The Mississippi Emergency Management Agency executive director estimates “…flooding in the area could reach 850 homes and between 300,000 and 600,000 acres of land, much of which is devoted to agriculture” The Wall Street Journal reported.
The potential impact on the nation’s economy and yearly harvest is alarming.
“Nearly 3 million acres of farm land in three southern U.S. states have been submerged by flood waters from the raging Mississippi River and its smaller tributaries, adding to troubles in seeding this year’s crops in the world’s top grain exporter,” Reuters reported. “Although the area constitutes 1 percent land seeded with major crops in the United States, the loss comes at a time when grains have soared due to dwindling supplies, weather woes in other exporting nations and increased consumption.”
While levees spared downtown Memphis, Tennessee, nearby lower-elevation areas were submerged. News reports showed several inundated homes, sunken cars and residents paddling boats around neighborhoods.
“In Natchez, Mississippi, the river surpassed its record early Wednesday [May 11], exceeding 58 feet. Forecasts predict the river will crest in Natchez on May 21 at an overwhelming 64 feet,” CNN stated. “Mississippi already has had to close some casinos at Tunica, a key economic driver in that part of the state, as floodwaters seeped in.”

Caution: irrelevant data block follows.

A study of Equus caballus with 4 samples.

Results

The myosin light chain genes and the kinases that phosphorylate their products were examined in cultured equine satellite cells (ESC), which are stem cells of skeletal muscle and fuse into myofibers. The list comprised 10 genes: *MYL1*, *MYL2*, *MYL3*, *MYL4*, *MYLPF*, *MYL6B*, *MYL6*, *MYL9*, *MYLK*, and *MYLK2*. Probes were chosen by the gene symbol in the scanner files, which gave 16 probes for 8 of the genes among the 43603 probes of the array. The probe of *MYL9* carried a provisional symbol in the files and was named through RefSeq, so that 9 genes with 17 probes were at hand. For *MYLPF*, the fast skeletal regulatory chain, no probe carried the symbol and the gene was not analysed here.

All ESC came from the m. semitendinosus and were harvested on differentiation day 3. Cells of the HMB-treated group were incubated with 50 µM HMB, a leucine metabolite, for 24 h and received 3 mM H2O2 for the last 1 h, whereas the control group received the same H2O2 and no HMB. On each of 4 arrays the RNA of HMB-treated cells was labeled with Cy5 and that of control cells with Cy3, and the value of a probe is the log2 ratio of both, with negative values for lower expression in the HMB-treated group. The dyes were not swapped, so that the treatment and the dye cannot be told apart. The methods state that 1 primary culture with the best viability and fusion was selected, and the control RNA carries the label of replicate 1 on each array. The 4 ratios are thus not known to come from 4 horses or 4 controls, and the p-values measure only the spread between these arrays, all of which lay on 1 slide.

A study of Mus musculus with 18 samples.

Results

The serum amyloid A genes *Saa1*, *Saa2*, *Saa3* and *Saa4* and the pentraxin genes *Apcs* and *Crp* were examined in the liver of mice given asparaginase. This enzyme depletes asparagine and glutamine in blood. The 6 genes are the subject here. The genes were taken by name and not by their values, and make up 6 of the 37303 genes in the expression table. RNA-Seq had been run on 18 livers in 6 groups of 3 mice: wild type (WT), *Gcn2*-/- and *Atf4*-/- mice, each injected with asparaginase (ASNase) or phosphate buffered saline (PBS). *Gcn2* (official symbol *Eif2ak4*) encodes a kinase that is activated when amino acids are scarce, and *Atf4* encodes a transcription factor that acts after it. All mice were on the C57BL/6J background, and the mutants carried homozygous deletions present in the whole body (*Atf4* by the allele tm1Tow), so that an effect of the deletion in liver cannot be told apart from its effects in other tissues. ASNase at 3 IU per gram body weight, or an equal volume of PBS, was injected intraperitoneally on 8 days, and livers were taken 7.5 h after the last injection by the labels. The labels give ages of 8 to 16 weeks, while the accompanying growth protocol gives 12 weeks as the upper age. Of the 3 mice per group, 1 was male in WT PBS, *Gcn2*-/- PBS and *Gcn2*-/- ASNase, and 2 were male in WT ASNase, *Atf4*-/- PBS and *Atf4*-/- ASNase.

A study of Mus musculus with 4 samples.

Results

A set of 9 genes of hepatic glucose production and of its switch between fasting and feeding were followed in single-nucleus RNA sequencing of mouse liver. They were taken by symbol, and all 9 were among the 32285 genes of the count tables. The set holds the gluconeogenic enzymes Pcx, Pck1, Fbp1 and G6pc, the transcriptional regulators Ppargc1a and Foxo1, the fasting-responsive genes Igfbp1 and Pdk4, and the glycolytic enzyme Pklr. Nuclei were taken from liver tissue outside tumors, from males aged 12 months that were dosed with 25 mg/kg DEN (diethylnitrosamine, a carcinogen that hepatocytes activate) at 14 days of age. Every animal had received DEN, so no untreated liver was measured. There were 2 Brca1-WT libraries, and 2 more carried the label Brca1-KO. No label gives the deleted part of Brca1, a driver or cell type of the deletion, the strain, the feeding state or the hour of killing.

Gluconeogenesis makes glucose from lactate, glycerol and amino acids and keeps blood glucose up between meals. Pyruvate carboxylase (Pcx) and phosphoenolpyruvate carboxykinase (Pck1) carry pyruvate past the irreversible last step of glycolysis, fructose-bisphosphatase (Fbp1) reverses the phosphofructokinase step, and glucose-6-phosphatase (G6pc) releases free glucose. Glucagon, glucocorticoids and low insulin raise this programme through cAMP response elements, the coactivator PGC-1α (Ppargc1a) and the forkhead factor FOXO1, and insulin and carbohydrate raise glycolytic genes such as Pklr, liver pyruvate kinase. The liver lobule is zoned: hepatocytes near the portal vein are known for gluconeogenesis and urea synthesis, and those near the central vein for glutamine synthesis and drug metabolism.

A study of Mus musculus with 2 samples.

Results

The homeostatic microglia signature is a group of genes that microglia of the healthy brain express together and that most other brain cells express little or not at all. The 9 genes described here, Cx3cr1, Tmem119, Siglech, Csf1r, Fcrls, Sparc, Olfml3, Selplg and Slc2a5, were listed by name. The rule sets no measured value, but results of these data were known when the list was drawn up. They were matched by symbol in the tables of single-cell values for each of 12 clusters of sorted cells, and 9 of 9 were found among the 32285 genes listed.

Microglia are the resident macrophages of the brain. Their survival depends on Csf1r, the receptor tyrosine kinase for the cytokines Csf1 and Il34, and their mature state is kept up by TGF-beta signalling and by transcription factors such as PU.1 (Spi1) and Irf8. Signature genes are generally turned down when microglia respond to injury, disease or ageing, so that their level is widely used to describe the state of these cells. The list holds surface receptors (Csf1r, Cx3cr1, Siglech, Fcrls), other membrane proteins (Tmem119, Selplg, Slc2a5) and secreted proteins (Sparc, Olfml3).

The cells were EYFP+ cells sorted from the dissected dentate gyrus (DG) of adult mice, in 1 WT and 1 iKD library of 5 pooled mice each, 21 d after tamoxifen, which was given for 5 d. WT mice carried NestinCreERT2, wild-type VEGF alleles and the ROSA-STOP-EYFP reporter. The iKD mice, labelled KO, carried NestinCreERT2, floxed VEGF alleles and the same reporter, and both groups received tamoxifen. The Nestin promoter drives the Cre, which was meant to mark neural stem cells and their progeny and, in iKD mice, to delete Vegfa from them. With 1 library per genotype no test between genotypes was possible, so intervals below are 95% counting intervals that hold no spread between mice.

Previously, in an effort to avoid a major catastrophe, officials resorted to blasting a two-mile-wide hole into a river levee to redirect water levels and relieve water pressure. Prior to the emergency measure, river levels “stood at a record-breaking 61.72 feet” according to The Christian Science Monitor, which reported the blast “allowed water to flow into the Birds Point-New Madrid Floodway in Missouri, with the water traveling at 4.1 million gallons per second to create a 200-square-mile lake.”
Nicholas Pinter, an expert on levee construction and flood-plain management from the Southern Illinois University, told the newspaper, “It is a little bit frightening that we’ve seen such devastating flooding relatively early in the season” (ibid.).
Days later, the Los Angeles Times reported,“The U.S. Army Corps of Engineers opened 44 more gates to the Bonnet Carre Spillway in Norco, La., diverting floodwater into Lake Pontchartrain. The spillway was opened…for the first time since 1973.”
Additional spillways are projected to be created in Louisiana as authorities strive to control the colossal river crest.
“President Barack Obama declared a major disaster in Tennessee…ordering federal aid to help state and local recovery efforts in the area,” Voice of America reported. “The president has also signed emergency or disaster declarations for other states hit by flooding and bad weather, including Louisiana, Iowa, Kentucky, Missouri and Mississippi.”
Experts anticipate flooding in the region will continue until early June.